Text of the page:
While many eyes were turned to Standing Rock as Native Americans and others protested the construction of the Dakota Access pipeline, others were fighting a pipeline closer to home.
The Sabal Trail underground pipeline starts in Alabama, crosses Georgia and winds its way down Florida to its endpoint in central Florida. The 515-mile natural gas pipeline is a joint venture of Spectra Energy Corp., NextEra Energy and Duke Energy. The goal is to bring services for the power generation needs of Florida Power and Light and Duke Energy of Florida by the end of June next year.
It’s a project that Spectra and the others say is safe.
“It is well established that natural gas transmission pipelines are the safest method of transporting energy products, and at Spectra Energy, we have a strong safety record,” the company says on the project’s website. “Over the past five years, the incident rate for Spectra Energy’s United States onshore natural gas pipelines and facilities has been roughly half the rate of the industry average.”
It adds, “Safety is at the forefront of everything we do. Our dedication to continuously improve our operational safety practices stems from our relentless focus on protecting the people within the communities where we operate, our employees and the environment. While we already have a strong safety record, our goal is zero incidents, as no incident is acceptable.”
But environmentalists and others say the hazards are serious and severe. To begin with, said Megan Weeks of Greenpeace St. Petersburg, the pipeline will cut through the Floridan Aquifer. The Floridan supplies drinking water to about 10 million people. A spill or leak or leaching gas would be a catastrophe.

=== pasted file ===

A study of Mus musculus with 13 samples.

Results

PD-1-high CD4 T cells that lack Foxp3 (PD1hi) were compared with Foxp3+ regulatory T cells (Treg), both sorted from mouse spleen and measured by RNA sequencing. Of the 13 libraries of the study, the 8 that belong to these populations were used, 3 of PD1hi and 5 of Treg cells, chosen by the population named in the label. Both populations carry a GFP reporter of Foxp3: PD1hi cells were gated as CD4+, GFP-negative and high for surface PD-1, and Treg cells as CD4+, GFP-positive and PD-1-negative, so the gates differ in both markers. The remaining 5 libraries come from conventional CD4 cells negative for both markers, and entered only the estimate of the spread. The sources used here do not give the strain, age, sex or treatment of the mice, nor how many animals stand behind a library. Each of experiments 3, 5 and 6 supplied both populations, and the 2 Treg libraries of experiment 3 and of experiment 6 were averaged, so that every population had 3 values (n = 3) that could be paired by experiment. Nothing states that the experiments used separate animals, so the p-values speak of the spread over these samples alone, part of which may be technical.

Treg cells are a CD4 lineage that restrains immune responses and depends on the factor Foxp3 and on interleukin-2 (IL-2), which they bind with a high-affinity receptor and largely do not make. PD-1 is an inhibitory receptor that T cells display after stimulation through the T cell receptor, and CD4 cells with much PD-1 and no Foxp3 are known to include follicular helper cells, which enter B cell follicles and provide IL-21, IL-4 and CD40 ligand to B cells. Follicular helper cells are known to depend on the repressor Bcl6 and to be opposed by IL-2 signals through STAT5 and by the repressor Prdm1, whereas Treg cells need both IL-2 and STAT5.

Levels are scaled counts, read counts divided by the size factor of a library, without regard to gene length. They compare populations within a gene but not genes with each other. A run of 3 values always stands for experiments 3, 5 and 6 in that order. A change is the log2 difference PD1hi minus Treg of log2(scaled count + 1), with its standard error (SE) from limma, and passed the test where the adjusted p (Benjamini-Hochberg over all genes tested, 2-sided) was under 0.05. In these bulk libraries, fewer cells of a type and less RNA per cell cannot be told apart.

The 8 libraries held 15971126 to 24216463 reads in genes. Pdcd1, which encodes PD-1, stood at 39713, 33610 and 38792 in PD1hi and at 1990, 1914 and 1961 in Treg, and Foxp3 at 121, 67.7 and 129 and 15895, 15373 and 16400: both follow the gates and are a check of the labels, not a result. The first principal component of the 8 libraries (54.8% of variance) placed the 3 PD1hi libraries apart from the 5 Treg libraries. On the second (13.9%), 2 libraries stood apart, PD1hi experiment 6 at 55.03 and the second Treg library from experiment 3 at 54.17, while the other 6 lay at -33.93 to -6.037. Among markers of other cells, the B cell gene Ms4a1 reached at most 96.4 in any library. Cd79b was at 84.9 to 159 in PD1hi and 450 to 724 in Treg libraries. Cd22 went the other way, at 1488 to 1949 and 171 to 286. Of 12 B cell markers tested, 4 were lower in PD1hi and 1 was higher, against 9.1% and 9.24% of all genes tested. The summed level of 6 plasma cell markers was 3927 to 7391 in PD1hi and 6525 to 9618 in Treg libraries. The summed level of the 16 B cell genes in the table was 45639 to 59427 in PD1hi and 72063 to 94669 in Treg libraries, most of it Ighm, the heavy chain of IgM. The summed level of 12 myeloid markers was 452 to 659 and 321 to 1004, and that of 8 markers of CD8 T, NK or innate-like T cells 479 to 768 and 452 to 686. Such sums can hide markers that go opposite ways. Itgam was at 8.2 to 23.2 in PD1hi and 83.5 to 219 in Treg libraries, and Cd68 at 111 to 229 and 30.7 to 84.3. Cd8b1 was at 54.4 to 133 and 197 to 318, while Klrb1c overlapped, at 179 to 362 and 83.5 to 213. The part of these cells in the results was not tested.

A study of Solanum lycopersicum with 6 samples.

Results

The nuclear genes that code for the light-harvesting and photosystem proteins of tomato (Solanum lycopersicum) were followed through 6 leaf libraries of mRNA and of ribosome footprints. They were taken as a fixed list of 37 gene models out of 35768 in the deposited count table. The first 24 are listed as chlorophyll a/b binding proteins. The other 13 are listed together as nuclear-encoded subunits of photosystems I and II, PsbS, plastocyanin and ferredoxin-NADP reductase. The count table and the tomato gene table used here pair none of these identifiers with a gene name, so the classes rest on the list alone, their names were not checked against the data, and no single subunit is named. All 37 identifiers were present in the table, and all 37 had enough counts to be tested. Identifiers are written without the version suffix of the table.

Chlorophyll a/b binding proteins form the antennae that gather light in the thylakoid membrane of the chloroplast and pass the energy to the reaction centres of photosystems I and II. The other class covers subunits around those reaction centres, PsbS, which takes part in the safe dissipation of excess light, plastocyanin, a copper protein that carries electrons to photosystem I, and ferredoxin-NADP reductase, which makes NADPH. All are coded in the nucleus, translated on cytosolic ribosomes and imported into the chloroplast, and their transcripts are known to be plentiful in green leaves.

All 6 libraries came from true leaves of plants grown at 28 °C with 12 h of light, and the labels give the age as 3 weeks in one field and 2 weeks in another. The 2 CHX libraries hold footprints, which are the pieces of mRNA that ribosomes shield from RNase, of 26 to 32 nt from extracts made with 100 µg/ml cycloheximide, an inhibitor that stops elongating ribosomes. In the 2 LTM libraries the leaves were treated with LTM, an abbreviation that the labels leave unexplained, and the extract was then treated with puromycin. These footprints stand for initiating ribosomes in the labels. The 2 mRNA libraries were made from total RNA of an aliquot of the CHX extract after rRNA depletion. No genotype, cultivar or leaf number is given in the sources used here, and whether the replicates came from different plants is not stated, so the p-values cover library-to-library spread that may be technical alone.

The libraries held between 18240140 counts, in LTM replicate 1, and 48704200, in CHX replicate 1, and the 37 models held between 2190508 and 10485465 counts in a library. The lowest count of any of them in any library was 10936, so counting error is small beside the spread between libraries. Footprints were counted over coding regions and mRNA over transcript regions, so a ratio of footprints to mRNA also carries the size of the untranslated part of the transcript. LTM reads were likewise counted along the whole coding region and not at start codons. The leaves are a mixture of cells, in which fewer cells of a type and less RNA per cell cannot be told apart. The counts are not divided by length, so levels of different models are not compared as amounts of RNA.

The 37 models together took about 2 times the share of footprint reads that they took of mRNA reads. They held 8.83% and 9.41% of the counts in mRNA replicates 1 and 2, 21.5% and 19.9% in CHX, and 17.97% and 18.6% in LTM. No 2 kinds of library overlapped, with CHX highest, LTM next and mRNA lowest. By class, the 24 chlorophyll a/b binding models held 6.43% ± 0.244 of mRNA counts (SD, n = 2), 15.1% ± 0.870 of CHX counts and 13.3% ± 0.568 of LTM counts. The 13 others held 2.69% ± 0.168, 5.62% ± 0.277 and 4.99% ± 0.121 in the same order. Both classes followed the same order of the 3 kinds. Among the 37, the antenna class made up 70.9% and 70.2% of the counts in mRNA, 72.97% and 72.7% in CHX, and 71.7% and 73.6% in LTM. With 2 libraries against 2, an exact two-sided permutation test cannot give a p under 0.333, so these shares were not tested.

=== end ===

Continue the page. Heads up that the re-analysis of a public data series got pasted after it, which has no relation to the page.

In such a catastrophe, Weeks said, taxpayers would be on the hook for compensating and cleaning up contaminated drinking water.
The concern is real, she said. A similar pipeline spilled 336,000 gallons in Alabama this past summer.
Other concerns include the effect on sensitive conservation areas of the construction of the pipeline. A 50-foot to 100-foot scar will be left in the wake of construction.
That’s why Greenpeace and Sierra Club volunteers are gathering in St. Petersburg, Miami, Orlando, Tallahassee and Jacksonville on Thursday to protest the pipeline.
The St. Pete protest is expected to start at 4 p.m. in Williams Park opposite Duke Power. Protestors then plan a short march to banks that are helping fund the project.
The immediate goal of the protests, Weeks said, is to call attention to the pipeline and the potential hazards. The hope is others will add their voices to oppose the pipeline. The ultimate goal is to stop the construction.